He knew two days ago, but he didn’t want to say in case it didn’t turn out. Insider information.
It had to be on paper, in writing, concrete. I called him a stinker for not telling me, but I’m glad he didn’t. I couldn’t have handled the possibility of a dream versus a dream deferred, and he knew that.
All this sounds very dramatic, and it might very well be melodramatic, and you could be let down when you hear what you might consider to be just average or possibly slightly pleasant news, but for us it changes everything: Noah has been assigned a permanent day shift.
Oh, you say to yourself, that’s good…right?
The answer, after digesting this information for a whole day, is unequivocally, Yes, that is very good.
Since the chief announced that beginning January 5 all patrol officers would be assigned new permanent shifts, instead of the five-shift rotation, we tried to look at the bright side for each of the three possibilities (day, evening, and midnight). Since Noah lacks seniority, he could have been assigned to any of them, regardless of his preference.
We were so excruciatingly upbeat, in fact, that we no longer knew what our preference actually was. We were drifting in a mildly tumultuous sea of what ifs, if this then thats, but maybes, and if onlys. We just wanted someone to tell us his assignment, so we could stop being so indiscriminately, confusingly optimistic and start finding all the negatives for those shifts he didn’t get assigned. Because to be perfectly frank, being a police officer’s spouse throws you into an ongoing game of It Could Be Worse or, alternatively, This Is the Worst So It Can Only Get Better From Here.
His first choice was always day shift: It would be the closest thing to normal you can get as a patrol officer. We rationalized that an evening shift would save us money and boost daddy-baby bonding (Ethan wouldn’t have to be in daycare), and a midnight shift, well at least we’d all be together for a few hours each night before Noah had to leave. We always ignored the fact that anything other than a day shift would drastically diminish the time we got together, the two of us.
Every time we got ourselves psyched up for a particular shift, Noah would be convinced there was no way he’d get it. Eventually I had to remind him that he would certainly be getting one of them.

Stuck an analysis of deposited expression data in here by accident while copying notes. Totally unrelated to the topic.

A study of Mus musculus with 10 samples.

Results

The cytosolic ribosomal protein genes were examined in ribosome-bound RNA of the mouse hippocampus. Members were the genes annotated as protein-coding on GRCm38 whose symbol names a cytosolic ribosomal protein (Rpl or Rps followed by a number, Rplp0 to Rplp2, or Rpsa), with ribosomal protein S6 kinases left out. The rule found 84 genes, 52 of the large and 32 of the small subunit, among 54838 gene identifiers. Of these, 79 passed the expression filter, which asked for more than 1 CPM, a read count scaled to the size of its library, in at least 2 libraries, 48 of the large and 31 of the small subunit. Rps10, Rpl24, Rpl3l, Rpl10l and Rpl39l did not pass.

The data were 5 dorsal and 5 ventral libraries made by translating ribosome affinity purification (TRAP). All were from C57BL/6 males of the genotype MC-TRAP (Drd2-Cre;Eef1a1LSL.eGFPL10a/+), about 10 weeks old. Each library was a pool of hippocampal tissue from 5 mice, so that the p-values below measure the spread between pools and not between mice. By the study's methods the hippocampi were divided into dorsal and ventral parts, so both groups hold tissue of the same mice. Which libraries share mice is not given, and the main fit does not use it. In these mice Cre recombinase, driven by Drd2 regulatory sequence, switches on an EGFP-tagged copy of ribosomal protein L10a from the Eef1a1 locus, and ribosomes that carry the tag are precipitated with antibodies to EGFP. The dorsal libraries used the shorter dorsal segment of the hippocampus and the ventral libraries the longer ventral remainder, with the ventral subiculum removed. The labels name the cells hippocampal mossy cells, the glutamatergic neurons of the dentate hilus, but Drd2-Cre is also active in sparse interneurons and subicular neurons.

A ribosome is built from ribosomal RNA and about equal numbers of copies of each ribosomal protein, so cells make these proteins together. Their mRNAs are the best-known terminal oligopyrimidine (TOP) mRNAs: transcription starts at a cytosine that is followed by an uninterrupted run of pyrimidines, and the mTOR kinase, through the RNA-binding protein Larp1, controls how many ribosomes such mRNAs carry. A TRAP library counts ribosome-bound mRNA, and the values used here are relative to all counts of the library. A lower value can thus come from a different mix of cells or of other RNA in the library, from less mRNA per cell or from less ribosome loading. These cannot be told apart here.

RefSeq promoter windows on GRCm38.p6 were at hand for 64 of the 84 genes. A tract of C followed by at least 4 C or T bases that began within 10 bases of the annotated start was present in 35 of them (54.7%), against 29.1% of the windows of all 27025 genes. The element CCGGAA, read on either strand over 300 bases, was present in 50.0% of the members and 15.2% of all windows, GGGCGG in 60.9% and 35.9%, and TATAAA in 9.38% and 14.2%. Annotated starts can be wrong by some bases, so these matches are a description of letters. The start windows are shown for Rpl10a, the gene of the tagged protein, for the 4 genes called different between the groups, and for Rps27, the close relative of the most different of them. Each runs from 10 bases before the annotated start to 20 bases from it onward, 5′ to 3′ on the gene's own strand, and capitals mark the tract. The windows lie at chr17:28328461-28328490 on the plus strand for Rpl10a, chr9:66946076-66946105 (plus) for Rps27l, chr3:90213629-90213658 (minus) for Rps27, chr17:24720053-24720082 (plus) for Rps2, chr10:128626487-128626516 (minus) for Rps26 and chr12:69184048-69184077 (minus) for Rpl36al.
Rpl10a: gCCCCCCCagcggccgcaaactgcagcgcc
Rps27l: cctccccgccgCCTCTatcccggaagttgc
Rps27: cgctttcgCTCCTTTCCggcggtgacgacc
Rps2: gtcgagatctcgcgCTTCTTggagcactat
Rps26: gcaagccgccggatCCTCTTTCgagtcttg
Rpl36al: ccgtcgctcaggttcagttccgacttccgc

I have to commend Noah for his secret-keeping ability on this issue, a short two days though it was. He’s terrible about keeping secrets. Not because he tells them, but because he gets progressively more agitated as the time he’s required to maintain confidentiality increases. But in this scenario, we were both already on edge, so I couldn’t tell the difference.
It took a few hours for the implications to sink in, since for months now we've been batting around all the possibilities. Here's just a short summary of how this will change things for us:
No more evenings and nights alone, trying to juggle a baby and dinner and laundry and the animals and feeling tired from working all day and getting the baby bathed and fed and ready for bed and then climbing into bed with nobody to snuggle, nobody to vent to, no warmth (other than the GIANT dog at my feet), and no possibility of help if the baby wakes up; no more ships-passing syndrome (that is, waving at each other as our cars pass on the highway, me going home and him heading out, our only physical interaction of the day); no more postponed or canceled date nights (at least not because of work); no more going days on end without sharing a meal or an actual conversation; no more going to family functions alone, just me and baby.
We'll be back to a system of sharing the burdens of the house and family rather than one or the other of us doing everything without help.
I certainly feel for those whose schedules didn't work out in the best-case scenario. And I'm fully aware that there are a lot of people out there who actually do have it worse than we ever did, namely single parents and military families. So I'll show gratitude and empathy the only way I can: I won't complain when he has to work on the weekend or on holidays (he'll actually be working Thanksgiving and Christmas again in 2009). And I'll count myself lucky.